Between the end of his sejour at Paris (November 1676) and the first part of the Hanover period, Leibniz reformed his dynamics and began to use the theory of corporeal substance. This book explores a very important part of the philosophical work of the young Leibniz.
Expertise from around the globe is collated here, including Daniel Garber’s work based on the recent publication of Leibniz's correspondence from the late 1690s, examining how the theory of monads developed during these crucial years. Richard Arthur argues that the introduction of substantial forms, reinterpreted as enduring primitive forces of action in each corporeal substance, allows Leibniz to found the reality of the phenomena of motion in force and thus avoid reducing motion to a mere appearance.
Amongst other themes covered in this book, Pauline Phemister’s paper investigates Leibniz’s views on animals and plants, highlighting changes, modifications and elaborations over time of Leibniz’s views and supporting arguments and paying particular attention to his claim that the future is already contained in the seeds of living things. The editor, Adrian Nita, contributes a paper on the continuity or discontinuity of Leibniz’s work on the question of the unity and identity of substance from the perspective of the relation with soul (anima) and mind (mens).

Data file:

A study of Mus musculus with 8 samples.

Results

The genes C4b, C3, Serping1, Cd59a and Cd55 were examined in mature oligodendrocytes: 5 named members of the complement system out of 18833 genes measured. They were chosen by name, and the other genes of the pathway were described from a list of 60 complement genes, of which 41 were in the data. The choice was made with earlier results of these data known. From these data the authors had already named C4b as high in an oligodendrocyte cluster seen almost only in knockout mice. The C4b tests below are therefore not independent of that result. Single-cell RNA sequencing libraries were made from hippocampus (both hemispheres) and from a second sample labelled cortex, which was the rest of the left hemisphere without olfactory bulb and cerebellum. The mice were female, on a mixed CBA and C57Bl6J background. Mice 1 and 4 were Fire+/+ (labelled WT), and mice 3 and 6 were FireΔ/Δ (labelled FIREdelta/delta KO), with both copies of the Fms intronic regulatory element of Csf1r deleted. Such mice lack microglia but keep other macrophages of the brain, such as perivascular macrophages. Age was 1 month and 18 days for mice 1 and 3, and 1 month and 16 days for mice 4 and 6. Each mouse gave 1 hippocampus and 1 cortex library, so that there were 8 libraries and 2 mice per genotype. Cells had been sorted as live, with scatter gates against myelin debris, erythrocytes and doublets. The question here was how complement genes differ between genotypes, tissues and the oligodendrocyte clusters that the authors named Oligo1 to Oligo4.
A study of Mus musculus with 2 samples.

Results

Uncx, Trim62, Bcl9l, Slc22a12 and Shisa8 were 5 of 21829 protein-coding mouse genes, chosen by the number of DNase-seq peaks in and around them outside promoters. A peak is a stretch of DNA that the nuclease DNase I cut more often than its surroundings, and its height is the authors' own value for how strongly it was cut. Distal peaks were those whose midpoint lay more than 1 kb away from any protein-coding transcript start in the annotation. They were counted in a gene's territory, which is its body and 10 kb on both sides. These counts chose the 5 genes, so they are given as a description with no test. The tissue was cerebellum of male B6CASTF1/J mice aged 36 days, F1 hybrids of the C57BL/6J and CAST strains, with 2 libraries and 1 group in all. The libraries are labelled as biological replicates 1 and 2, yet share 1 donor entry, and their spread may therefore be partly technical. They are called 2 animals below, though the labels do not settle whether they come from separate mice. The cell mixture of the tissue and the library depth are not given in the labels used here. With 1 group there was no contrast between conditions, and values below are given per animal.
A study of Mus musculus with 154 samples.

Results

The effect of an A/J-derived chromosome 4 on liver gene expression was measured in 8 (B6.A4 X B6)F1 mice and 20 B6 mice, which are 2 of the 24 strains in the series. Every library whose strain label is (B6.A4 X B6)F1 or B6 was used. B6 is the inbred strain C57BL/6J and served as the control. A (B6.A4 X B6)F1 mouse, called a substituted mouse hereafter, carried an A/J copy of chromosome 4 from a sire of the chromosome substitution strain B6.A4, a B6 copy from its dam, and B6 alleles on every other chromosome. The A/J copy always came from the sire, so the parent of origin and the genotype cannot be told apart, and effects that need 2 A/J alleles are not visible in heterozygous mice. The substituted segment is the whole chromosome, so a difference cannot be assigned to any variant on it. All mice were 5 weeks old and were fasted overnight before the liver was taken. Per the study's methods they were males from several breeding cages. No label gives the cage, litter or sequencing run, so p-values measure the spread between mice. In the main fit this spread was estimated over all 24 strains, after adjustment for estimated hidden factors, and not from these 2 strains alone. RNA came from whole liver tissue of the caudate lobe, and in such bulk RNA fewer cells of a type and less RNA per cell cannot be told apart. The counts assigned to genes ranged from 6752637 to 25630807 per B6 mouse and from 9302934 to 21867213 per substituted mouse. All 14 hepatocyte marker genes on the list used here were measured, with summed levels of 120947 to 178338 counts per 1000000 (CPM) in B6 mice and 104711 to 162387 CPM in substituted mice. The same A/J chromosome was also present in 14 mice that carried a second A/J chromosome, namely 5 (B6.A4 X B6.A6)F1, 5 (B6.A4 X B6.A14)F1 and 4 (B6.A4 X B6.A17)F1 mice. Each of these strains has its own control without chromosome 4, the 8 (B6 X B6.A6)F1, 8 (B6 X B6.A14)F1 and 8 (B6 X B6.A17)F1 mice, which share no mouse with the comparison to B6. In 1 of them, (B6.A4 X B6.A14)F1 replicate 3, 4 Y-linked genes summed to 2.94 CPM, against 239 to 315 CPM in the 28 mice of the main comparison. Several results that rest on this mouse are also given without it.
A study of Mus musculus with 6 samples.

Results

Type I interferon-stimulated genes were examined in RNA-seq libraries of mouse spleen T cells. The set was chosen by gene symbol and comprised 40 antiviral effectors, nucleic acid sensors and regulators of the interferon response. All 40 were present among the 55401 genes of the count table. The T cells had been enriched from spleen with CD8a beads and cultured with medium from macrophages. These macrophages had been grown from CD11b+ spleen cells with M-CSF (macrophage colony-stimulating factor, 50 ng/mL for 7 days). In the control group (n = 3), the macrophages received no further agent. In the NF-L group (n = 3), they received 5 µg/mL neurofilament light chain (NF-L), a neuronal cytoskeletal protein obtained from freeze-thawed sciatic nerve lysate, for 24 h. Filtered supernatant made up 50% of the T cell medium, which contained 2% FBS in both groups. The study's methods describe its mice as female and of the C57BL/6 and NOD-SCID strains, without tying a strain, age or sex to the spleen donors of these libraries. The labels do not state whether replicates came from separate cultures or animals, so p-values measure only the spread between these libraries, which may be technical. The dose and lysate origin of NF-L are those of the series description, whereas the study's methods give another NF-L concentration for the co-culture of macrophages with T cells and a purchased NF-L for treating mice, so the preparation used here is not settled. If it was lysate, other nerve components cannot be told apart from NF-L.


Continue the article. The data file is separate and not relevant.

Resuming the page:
Both a son’s love letter to his mother and an unconventional mom’s life lessons for her grown son, The Rainbow Comes and Goes offers a rare window into their close relationship and fascinating life stories, including their tragedies and triumphs. In these often humorous and moving exchanges, they share their most private thoughts and the hard-earned truths they’ve learned along the way. In their words their distinctive personalities shine through—Anderson’s journalistic outlook on the world is a sharp contrast to his mother’s idealism and unwavering optimism.An appealing memoir with inspirational advice, The Rainbow Comes and Goes is a beautiful and affectionate celebration of the universal bond between a parent and a child, and a thoughtful reflection on life, reminding us of the precious insight that remains to be shared, no matter our age.